Underbalanced Drilling: General Issues

Coiled Tubing for Underbalanced Drilling

Coiled tubing is ideally suited for drilling underbalanced. The continuous nature of the coiled tubing string and the exclusive use of a mud motor for drilling provides several advantages over conventional jointed pipe drilling for underbalanced applications:

  • Drilling with a mud motor prevents the formation of key seats, thus eliminating one cause of stuck pipe.
  • Because the coiled tubing string is not rotated, mechanical damage caused by pipe rotation (e.g., pasting of cuttings against the borehole wall) is not an issue.
  • Making connections during conventional jointed pipe operations requires stopping and then re-starting the pumps. The gas and liquid phases separate when pumping stops, and then two-phase circulation resumes once the connection is made and the pump is re-started. This continual cycling results in pressure surging of the wellbore and can lead to overbalanced surging of the reservoir. Additionally, halting the pumps can result in the formation of a cuttings bed. When drilling resumes, the cuttings bed may be gradually ground up into the borehole wall. With coiled tubing UBD, these problems are avoided the drill string is continuous, allowing the bottom hole pressure to be kept consistent, with no forced surging of the reservoir. And with properly designed wellbore hydraulics, the formation of a cuttings bed can be avoided.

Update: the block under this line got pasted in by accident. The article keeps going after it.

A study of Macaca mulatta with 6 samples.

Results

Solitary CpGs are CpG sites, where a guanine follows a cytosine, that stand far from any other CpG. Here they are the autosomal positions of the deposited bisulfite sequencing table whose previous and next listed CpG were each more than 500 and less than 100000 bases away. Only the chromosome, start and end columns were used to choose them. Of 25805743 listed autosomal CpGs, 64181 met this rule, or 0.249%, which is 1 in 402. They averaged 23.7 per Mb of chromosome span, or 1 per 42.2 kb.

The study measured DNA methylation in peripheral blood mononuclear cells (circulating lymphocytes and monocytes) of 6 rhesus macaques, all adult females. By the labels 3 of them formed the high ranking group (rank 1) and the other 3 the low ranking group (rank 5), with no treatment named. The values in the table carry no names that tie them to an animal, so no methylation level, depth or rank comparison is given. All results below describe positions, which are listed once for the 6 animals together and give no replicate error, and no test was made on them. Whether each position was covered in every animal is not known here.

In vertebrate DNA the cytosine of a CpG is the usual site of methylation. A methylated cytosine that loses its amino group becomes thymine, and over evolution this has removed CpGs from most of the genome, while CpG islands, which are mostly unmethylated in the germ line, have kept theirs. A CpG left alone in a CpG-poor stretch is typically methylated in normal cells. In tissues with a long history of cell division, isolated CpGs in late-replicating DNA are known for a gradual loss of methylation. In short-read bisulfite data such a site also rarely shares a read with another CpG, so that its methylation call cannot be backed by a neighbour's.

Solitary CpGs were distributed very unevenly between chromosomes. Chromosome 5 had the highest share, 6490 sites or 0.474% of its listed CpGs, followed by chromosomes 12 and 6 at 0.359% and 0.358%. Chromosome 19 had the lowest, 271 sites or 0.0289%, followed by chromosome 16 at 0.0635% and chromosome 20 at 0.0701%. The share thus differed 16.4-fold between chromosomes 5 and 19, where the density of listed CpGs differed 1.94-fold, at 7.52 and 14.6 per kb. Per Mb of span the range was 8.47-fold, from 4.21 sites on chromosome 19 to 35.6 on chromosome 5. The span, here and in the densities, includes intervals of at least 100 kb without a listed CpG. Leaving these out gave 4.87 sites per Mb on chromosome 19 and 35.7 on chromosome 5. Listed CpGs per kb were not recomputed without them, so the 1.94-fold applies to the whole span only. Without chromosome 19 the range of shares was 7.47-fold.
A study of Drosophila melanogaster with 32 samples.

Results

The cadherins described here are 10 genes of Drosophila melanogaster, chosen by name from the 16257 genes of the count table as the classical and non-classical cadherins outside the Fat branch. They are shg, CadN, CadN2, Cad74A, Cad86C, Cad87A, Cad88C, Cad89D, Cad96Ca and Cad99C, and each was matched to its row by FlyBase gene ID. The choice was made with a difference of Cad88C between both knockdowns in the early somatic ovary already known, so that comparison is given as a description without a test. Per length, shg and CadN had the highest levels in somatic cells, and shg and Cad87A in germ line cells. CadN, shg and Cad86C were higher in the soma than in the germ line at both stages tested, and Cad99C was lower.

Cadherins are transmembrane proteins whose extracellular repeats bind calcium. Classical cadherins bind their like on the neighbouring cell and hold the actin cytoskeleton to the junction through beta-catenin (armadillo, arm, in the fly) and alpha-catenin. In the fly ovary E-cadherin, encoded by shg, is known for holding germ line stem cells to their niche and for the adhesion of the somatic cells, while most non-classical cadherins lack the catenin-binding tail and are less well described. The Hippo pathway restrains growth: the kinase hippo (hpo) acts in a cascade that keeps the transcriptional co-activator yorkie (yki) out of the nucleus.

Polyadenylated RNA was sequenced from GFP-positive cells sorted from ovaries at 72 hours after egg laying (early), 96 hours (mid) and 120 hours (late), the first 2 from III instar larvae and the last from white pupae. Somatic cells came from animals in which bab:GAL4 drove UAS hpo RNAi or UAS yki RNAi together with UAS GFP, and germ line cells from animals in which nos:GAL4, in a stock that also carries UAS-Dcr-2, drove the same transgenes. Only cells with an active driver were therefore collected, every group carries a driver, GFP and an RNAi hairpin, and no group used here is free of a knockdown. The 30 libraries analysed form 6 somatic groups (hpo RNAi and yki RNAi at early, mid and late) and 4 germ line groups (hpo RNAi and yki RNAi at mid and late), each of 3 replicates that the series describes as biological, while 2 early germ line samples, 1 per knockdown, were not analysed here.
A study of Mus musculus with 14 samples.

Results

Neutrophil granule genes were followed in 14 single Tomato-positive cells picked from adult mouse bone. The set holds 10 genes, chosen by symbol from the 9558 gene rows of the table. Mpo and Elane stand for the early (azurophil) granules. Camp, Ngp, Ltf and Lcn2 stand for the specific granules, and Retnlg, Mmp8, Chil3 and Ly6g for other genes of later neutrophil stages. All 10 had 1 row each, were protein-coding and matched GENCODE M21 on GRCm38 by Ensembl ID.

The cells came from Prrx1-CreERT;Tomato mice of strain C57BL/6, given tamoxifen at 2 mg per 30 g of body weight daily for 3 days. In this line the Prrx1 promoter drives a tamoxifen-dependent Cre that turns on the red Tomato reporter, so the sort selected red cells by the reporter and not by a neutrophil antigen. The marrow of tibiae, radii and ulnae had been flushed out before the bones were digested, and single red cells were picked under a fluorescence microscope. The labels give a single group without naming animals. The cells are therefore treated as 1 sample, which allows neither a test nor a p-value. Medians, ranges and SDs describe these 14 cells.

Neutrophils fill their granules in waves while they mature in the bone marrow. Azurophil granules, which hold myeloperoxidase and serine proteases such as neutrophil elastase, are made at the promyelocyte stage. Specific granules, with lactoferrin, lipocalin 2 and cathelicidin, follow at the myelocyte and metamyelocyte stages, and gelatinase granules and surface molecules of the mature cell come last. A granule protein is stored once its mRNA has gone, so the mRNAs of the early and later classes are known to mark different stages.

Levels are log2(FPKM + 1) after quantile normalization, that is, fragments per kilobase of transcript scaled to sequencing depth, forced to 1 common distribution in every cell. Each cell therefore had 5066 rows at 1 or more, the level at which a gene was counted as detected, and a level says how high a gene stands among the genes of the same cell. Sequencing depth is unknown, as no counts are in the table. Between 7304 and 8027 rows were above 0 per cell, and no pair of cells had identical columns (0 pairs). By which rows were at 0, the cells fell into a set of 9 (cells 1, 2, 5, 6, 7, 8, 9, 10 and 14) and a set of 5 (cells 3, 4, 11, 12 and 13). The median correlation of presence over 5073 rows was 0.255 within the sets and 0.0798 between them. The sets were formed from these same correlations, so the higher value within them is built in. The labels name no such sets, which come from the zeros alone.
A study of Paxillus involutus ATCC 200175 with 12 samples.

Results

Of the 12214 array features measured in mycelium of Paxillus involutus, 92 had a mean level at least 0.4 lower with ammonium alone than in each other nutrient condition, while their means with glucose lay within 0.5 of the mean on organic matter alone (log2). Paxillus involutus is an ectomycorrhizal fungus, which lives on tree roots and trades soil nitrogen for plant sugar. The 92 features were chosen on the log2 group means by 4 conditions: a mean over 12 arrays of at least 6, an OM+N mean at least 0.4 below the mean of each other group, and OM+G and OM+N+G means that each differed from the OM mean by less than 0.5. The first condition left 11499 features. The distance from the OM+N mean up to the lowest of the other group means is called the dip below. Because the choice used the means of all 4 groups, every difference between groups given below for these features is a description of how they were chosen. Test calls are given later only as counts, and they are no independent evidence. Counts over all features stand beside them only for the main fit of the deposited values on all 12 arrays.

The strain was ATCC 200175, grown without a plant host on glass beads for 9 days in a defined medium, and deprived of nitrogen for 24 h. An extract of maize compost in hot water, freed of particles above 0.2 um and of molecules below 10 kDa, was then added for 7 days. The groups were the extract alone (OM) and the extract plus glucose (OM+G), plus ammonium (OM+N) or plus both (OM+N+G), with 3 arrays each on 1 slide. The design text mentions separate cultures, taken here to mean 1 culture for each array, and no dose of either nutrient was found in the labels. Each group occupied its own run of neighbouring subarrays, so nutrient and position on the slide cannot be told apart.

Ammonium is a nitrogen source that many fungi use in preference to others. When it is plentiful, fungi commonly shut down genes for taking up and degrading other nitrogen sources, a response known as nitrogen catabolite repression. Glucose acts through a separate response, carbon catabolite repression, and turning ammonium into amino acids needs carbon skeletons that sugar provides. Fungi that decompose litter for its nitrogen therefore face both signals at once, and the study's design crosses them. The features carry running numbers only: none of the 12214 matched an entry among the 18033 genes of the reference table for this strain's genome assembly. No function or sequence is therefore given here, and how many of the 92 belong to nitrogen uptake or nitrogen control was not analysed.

• The continuous pipe provides constant well control and improved worker safety with minimal pipe handling and faster trip times.
  • Coiled tubing has a high resistance to sulfide stress cracking and can be left in the hole as a production string.
  • The electric cable inside the coil provides real time monitoring of down hole information (e.g., annulus pressure, directional data, logging while drilling).

Of course, theres are also limitations iinvolved in coiled tubing drilling. If borehole stability problems develop, coiled tubing cannot be rotated. Neither can it withstand the physical abuse that conventional drill collars and drill pipe can. Therefore, in formations prone to sloughing or washing out, coiled tubing should not be the automatic first choice. Due in part to logistical concerns and also due to the current size and weight of coiled tubing, generally, horizontal lengths and hole sizes are smaller than those achieved with larger conventional equipment.